Jean Hopfensperger, Star Tribune (Minneapolis) on

Published in Religious News

MINNEAPOLIS -- Kelly Sherman-Conroy felt the anguish on the streets following the death of George Floyd at the hands of Minneapolis police, concluding that people were aching for more than food and emergency relief.

So the Lutheran leader and Native American activist posted an appeal on Facebook for "clergy, spiritual leaders and mental health leaders who would like to serve as volunteer chaplains."

More than 100 faith leaders have stepped forward, fanning out at events ranging from State Capitol protests to food distributions to a Juneteenth celebration. They serve as compassionate listeners, helping hands and tension diffusers in stressful situations.

"We're not trying to convert anyone," said Sherman-Conway, minister of social justice and advocacy at Nativity Lutheran Church in St. Anthony. "We're around so that people have someone to talk to, if they want. And that happens a lot."

The group, loosely called Interfaith Volunteer Chaplains, can be seen at community events in bright orange shirts with "Chaplain" printed on the backs and with COVID masks on their faces. Their ranks include a minister who worked at the ruins of the World Trade Center in New York and a chaplain who consoled after Hurricane Katrina hit New Orleans, Sherman-Conroy said.

They show up only where invited and arrive with no preset agenda, said Sherman-Conroy. Their work has included handing out slices of donated pizza to the hungry at a church, sitting in the shaded grass with an exhausted woman waiting for groceries, and distributing bottles of water at protests while being attentive to the well-being of those taking them.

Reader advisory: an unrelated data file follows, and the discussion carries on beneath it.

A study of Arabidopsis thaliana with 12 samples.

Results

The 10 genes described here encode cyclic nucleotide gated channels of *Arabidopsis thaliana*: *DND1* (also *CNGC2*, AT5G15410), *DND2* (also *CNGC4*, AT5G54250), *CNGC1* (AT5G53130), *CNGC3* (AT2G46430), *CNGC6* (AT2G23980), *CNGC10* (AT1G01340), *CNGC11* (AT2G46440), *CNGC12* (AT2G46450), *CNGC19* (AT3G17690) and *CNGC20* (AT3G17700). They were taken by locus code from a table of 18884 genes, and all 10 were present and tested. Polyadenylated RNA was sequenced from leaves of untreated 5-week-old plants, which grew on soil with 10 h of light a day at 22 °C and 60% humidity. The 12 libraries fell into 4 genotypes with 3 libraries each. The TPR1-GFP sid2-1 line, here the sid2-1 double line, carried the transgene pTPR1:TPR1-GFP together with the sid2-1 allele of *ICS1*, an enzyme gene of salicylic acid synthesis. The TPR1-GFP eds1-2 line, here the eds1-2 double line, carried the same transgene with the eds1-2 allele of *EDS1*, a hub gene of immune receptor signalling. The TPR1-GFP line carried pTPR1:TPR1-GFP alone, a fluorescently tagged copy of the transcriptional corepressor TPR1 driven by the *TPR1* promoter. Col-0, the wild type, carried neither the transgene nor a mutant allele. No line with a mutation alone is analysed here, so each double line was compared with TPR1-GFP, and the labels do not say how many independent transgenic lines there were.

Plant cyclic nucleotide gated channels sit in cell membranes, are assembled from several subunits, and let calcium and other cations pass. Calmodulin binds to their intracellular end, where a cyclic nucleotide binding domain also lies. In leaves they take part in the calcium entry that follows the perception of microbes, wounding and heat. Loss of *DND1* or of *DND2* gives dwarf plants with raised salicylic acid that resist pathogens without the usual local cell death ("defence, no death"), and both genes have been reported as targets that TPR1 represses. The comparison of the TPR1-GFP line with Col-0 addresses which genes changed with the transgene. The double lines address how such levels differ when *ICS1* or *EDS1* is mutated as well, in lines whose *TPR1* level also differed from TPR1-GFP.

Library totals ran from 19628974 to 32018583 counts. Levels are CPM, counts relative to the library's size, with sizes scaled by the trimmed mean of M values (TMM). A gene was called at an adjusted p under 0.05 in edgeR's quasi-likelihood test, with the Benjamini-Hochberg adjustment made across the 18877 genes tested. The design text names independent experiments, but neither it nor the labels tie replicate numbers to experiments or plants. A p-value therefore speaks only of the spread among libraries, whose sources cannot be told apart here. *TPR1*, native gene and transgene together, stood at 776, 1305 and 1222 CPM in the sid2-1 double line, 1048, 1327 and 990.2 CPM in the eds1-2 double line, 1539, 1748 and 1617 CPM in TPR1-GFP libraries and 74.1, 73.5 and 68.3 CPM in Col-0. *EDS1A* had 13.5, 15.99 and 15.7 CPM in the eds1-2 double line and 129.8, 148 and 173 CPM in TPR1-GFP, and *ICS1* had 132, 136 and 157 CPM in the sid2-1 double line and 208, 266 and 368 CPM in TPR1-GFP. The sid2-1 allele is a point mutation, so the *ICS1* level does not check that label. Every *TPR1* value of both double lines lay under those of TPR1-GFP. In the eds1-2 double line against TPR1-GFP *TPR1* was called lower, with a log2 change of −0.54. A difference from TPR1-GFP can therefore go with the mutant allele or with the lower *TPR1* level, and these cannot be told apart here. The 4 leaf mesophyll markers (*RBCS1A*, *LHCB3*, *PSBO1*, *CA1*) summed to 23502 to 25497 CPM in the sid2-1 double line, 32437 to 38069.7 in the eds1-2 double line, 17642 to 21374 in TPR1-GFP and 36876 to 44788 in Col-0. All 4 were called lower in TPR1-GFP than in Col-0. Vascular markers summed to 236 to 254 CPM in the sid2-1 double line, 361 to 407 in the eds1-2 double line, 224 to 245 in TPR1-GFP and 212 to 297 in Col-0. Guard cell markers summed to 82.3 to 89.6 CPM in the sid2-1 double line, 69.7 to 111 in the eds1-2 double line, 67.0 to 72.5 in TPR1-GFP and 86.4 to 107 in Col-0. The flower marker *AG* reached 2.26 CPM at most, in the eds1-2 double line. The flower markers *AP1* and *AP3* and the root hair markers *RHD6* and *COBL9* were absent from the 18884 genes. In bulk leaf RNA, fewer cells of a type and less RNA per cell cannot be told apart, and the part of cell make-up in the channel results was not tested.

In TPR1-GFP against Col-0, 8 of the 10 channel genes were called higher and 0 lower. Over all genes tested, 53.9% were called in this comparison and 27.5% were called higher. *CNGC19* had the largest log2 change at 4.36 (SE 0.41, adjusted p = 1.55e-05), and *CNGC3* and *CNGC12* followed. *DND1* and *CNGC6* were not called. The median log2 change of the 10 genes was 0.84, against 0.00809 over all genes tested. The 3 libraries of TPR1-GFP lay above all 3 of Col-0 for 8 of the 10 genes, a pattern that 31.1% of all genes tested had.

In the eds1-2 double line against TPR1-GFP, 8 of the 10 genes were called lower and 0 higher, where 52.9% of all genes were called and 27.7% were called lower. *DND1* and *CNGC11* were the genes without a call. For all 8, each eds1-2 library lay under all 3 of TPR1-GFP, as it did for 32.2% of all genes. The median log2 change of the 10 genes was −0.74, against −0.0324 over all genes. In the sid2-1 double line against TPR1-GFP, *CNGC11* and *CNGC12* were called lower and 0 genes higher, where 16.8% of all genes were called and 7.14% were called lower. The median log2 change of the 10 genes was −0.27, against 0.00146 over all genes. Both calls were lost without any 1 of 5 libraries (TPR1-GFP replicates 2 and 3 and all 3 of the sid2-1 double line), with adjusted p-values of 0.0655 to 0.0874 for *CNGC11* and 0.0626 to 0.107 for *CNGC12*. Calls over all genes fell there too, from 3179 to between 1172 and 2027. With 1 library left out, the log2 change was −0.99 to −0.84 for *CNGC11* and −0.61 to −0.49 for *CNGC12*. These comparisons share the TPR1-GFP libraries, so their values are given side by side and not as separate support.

Before they head to the streets, the chaplains must attend online training led by Sherman-Conroy -- essentially a crash course on cultural sensitivity and trauma.

"The whole idea is to send in people trained a bit on how to be around people in trauma, how to be aware of their own actions, who understand the crisis mode of volunteering."

On Friday afternoon, Sherman-Conroy and several other chaplains headed to the emergency food distribution at Holy Trinity Lutheran Church in Minneapolis.

She checked in with the other chaplains, then headed to the back of the line of hundreds of people waiting to pick up groceries. She casually made conversation with several, radar up for any unspoken issues.